Wednesday, September 10, 2014

Going Lean: the Sealy way & the Perfect Lean Market

A blog post by Preeti Havaldar

“There is nothing so useless as doing efficiently that which should not be done at all.”
- Peter F. Drucker, Management Expert


Lean manufacturing involves never ending efforts to eliminate or reduce 'muda' (Japanese for waste or any activity that consumes resources without adding value) in design, manufacturing, distribution, and customer service processes.

To understand “lean” in a better way, let us look at Sealy – the world’s largest bedding manufacturer that has adopted the lean way for manufacturing since 2004.




Before 2004: Sealy as an “ordinary” manufacturer  
Prior to lean, Sealy workers would produce dozens of unfinished mattresses and hand them off to the next person in the assembly line who would stitch the mattresses together with the rest of the panel that ultimately developed in a complete bed. The piles of unfinished mattresses not only occupied a lot of floor space but also led to some damage due to brushing of the mattresses against each other. In addition, depending on demand, the unfinished/unsold beds led to heavy inventory costs.

Beyond 2004: Sealy goes Lean
When Sealy adopted the lean methodology, the Sealy workers produce one mattress and hand off to the “stitcher” who would stitch the mattress to the bed frame and build the bed one at a time. This approach optimized space utilization, reduced damage and promoted parallel processing which in turn led to low inventory, high quality and cost efficiency. 


"The big advantage is less material handling, less movement and less dirt on the product. They're only working on one bed at a time." says Mike Hofmann, Sealy's executive vice president of operations. Using this approach, Sealy has reduced its scrap by 69% from approximately 1.8 lbs per piece produced in June 2004 to approximately .43 lbs per piece produced in December 2009. In 2009, Sealy reduced its recycled scrap 3.3% from 2008 and 33% since 2004 (lbs per unit sold).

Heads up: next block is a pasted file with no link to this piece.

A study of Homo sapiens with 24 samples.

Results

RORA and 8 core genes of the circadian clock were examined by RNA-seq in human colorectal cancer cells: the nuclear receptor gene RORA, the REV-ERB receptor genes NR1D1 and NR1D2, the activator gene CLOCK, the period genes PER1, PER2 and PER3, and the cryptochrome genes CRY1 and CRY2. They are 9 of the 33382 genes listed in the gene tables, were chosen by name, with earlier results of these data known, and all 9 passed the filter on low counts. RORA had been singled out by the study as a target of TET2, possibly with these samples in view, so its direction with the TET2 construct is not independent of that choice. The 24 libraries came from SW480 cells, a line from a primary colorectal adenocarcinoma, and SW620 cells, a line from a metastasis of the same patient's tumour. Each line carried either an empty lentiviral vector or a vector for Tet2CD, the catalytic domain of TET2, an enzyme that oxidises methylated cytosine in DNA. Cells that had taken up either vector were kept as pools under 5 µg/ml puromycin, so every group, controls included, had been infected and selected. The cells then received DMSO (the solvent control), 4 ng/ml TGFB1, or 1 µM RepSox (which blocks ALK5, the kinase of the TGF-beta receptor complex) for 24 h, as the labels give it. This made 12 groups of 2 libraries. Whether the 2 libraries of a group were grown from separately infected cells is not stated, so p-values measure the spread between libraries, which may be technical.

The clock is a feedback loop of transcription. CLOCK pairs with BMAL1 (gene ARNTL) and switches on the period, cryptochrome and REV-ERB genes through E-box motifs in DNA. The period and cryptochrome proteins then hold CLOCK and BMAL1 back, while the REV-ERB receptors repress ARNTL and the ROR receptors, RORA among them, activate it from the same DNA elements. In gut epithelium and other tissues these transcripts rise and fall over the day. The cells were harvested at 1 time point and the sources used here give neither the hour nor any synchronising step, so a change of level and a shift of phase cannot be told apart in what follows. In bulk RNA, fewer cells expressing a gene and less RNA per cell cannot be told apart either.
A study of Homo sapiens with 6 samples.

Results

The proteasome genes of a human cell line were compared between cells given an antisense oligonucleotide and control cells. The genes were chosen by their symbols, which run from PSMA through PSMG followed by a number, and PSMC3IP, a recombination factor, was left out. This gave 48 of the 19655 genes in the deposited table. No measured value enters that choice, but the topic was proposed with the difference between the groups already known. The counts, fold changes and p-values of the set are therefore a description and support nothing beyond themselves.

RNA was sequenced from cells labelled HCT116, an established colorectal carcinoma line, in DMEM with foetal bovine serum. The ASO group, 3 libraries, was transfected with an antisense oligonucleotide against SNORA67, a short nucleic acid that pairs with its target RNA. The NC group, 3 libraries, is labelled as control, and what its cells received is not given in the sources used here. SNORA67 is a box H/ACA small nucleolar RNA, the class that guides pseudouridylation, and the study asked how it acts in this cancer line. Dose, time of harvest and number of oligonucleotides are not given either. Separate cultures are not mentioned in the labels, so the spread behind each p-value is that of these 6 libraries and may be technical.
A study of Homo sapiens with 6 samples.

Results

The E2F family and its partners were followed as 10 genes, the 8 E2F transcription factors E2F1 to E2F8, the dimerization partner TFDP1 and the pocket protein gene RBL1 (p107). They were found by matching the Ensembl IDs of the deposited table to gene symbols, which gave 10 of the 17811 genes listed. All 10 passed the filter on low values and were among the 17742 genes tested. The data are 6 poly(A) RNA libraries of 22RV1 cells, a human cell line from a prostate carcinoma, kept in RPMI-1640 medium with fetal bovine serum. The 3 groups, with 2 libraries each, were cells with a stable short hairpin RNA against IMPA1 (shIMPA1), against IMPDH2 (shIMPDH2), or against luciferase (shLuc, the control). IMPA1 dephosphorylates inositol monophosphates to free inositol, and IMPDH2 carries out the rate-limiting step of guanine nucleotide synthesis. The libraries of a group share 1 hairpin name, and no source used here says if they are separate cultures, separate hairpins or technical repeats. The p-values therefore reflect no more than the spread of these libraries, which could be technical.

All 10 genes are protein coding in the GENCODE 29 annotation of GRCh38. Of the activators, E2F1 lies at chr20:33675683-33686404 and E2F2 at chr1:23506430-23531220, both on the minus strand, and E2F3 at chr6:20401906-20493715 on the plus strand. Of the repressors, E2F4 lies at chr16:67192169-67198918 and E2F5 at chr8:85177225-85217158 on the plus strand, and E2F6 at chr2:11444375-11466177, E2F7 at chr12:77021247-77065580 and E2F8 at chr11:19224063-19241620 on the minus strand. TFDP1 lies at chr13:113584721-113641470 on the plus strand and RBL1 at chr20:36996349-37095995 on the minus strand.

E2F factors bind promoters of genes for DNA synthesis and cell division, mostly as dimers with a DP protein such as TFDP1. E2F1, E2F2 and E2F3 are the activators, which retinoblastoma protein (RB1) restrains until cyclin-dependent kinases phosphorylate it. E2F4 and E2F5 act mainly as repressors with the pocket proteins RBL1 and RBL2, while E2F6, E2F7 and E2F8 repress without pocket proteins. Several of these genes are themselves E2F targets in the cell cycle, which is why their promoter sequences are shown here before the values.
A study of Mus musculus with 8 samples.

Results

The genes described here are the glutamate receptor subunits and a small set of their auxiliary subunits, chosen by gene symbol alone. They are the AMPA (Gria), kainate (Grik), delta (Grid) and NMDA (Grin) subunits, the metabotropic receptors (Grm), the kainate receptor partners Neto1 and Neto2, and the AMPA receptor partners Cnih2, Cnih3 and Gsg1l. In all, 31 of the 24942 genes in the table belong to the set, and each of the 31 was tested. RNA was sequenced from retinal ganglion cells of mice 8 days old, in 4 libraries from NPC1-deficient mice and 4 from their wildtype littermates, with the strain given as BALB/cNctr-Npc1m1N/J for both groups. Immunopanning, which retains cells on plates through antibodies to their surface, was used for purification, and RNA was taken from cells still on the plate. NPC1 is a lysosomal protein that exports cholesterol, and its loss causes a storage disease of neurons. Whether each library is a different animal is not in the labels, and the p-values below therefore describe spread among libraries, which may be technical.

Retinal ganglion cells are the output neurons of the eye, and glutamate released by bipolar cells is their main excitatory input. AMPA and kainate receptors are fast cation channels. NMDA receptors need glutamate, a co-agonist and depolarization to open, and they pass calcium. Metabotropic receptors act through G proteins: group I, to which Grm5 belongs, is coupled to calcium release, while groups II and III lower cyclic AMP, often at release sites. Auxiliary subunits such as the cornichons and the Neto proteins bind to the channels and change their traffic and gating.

Lean as a recession survival strategy
Sealy was one amongst those manufacturers who remained profitable even in the face of the last US recession that hit the markets in 2007 as its lean model helped it to recover fast. The lean approach that focused on “pull” production (produce as per demand) instead of “push” (produce ahead of demand) led to huge reductions in inventory costs, as it did not hold too many unfinished items.

Lean manufacturing can lead to highly optimized supply chains by good demand forecasting techniques and eliminating the non-value adding activities in the process.  Though waste reduction is a critical aspect of lean manufacturing, it, however, takes more than just waste reduction to transform a lean manufacturing market into a perfect lean market.

Moving towards the Perfect Lean Market
As per economists access to the right information at the right time creates conditions for a perfect lean market. For example, if there is a glitch in one of the production plants, right information at the right time can help recall items only from that plant without having to stop the entire production and leading to delays.

The secrets to a perfect lean market are:
C – Clarity. Free flow of the right information across the supply chain in a seamless manner.
A – Agility. Responding quickly to market volatility.
U – Unity.  Standardizing processes across the supply chain. Unified approach between supplier and manufacturer

By improving communication across the supply chain, manufacturers can target for a perfect lean market. Clear and unified approaches can lead to collective competitive advantage. Manufacturers and suppliers can use the web and other upcoming technologies such as demand sensing to access available information and share it along the supply chain to transform into a perfect lean market. In the era of www and cloud computing, will the dream of a perfect lean market soon turn into solid reality for most manufacturing companies?